GAA Football

'Gunk' of postponement leaves Martin Boyle fearing for Ulster Minor Football Championship

Derry beat Armagh in the Ulster Minor Football Championship quarter-final at Owenbeg before Christmas Picture by Margaret McLaughlin
Pádraig Ó Meiscill

DERRY minor manager Martin Boyle said it came as a “bit of gunk” to his players when they were informed by email at 4.30pm on Christmas Eve that their Ulster semi-final was off, and he now fears the Championship may be pulled completely.

The young Oaks were due to line out against Tyrone this Sunday, a day after the North's blanket ban on sport comes to an end, following their Ulster quarter-final victory over Armagh on December 20. However, with Level 5 restrictions now in place in the Twenty-Six Counties, that game, scheduled for Clones, and Monaghan's last-four encounter with Fermanagh at Breffni Park are both postponed, with a new date yet to be pencilled in.

“We had heard rumblings that the south going back into a Level 5 lockdown and we knew what that meant. So on that level, the decision to postpone wasn't a big surprise,” said Boyle.

“However, I was hearing as late as Wednesday [December 22] that the GAA were confident that the minor games in Ulster would be given elite status, allowing them to go ahead. So to get the email at half 4 on Christmas Eve that the games were off came as a bit of a gunk to the players. The rug was pulled out from under them, if you like.”

And with the South's tough restrictions set to last for at least the next fortnight, Boyle fears the viability of this year's Ulster Minor Championship could be at stake.

“The Level 5 lockdown in the South isn't supposed to end until January 12, and it could go on for longer. This leaves Ulster even further behind the other provinces. My fear is they'll just pull it,” the Ballinascreen man added.

“There was real disappointment among the lads when they learnt the game was off, but if they've learnt anything from this year it's resilience. They know they'll have to just keep ticking over because when the call comes it won't be giving them two weeks' notice.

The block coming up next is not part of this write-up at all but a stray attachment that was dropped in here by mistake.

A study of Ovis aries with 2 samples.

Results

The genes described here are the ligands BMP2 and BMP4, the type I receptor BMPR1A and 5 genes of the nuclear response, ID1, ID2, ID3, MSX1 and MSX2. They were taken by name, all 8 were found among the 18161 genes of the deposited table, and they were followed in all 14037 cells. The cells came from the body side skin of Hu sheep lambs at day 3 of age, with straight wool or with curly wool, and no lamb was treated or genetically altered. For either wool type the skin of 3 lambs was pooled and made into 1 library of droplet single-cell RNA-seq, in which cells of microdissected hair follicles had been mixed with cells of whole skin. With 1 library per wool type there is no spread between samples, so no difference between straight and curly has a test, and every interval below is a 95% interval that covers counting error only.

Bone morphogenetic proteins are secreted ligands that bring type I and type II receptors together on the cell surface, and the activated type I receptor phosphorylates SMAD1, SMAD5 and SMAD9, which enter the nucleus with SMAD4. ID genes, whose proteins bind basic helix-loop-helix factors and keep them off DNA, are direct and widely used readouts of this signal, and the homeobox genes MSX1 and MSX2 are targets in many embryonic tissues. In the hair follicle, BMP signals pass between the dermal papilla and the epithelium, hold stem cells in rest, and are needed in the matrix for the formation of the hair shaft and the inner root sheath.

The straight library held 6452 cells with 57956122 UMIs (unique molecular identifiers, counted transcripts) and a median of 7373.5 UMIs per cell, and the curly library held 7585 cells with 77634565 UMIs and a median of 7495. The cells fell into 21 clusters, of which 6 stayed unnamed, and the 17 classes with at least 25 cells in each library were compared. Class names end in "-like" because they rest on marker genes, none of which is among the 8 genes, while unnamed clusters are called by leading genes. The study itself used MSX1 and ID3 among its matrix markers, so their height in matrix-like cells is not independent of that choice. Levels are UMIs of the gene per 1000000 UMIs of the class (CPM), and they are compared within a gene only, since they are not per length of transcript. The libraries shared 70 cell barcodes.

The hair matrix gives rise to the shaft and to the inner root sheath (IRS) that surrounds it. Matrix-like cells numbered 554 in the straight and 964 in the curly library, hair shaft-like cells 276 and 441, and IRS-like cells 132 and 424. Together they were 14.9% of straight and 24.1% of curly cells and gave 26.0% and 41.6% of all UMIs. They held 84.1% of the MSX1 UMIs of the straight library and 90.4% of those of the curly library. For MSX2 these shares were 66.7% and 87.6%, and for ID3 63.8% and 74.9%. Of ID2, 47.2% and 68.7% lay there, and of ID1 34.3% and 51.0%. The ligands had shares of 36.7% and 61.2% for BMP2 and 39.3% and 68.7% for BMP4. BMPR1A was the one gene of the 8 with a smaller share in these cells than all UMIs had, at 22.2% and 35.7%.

“These players have been through the mill this past year and, as far as county football goes, nobody has suffered more than the minors. We're back to bubbles of 15, which means we can't get practice matches in either.

“The Championship was pulled before Halloween and now again at Christmas, but it's nobody's fault. The boys are used to it at this stage.”

Although Roscommon battled through Storm Bella to beat Sligo in Saturday's Connacht minor final at the Claremorris Centre of Excellence (1-5 to 1-2), yesterday's scheduled Leinster final between Meath and Offaly was also pulled, leaving Headquarters with a fixtures headache.

“The worry is that with the Connacht final played yesterday, Kerry already winning Munster, ourselves in Ulster and Leinster are going to find it impossible to catch up. The GAA definitely has a problem to deal with.

“They now have to find four weekends to complete the schedule if they want to bring it through to the All-Ireland final stage. Do they want to go ahead with it in February? According to the new calendar, we've a new Championship starting in March.

“It would be unfair to the players to have to go again in March. I was supposed to be looking at new fellas to bring onto the panel this month, but that's obviously out the window. Whoever is on the panel for the new Championship should be afforded the time for proper preparation.”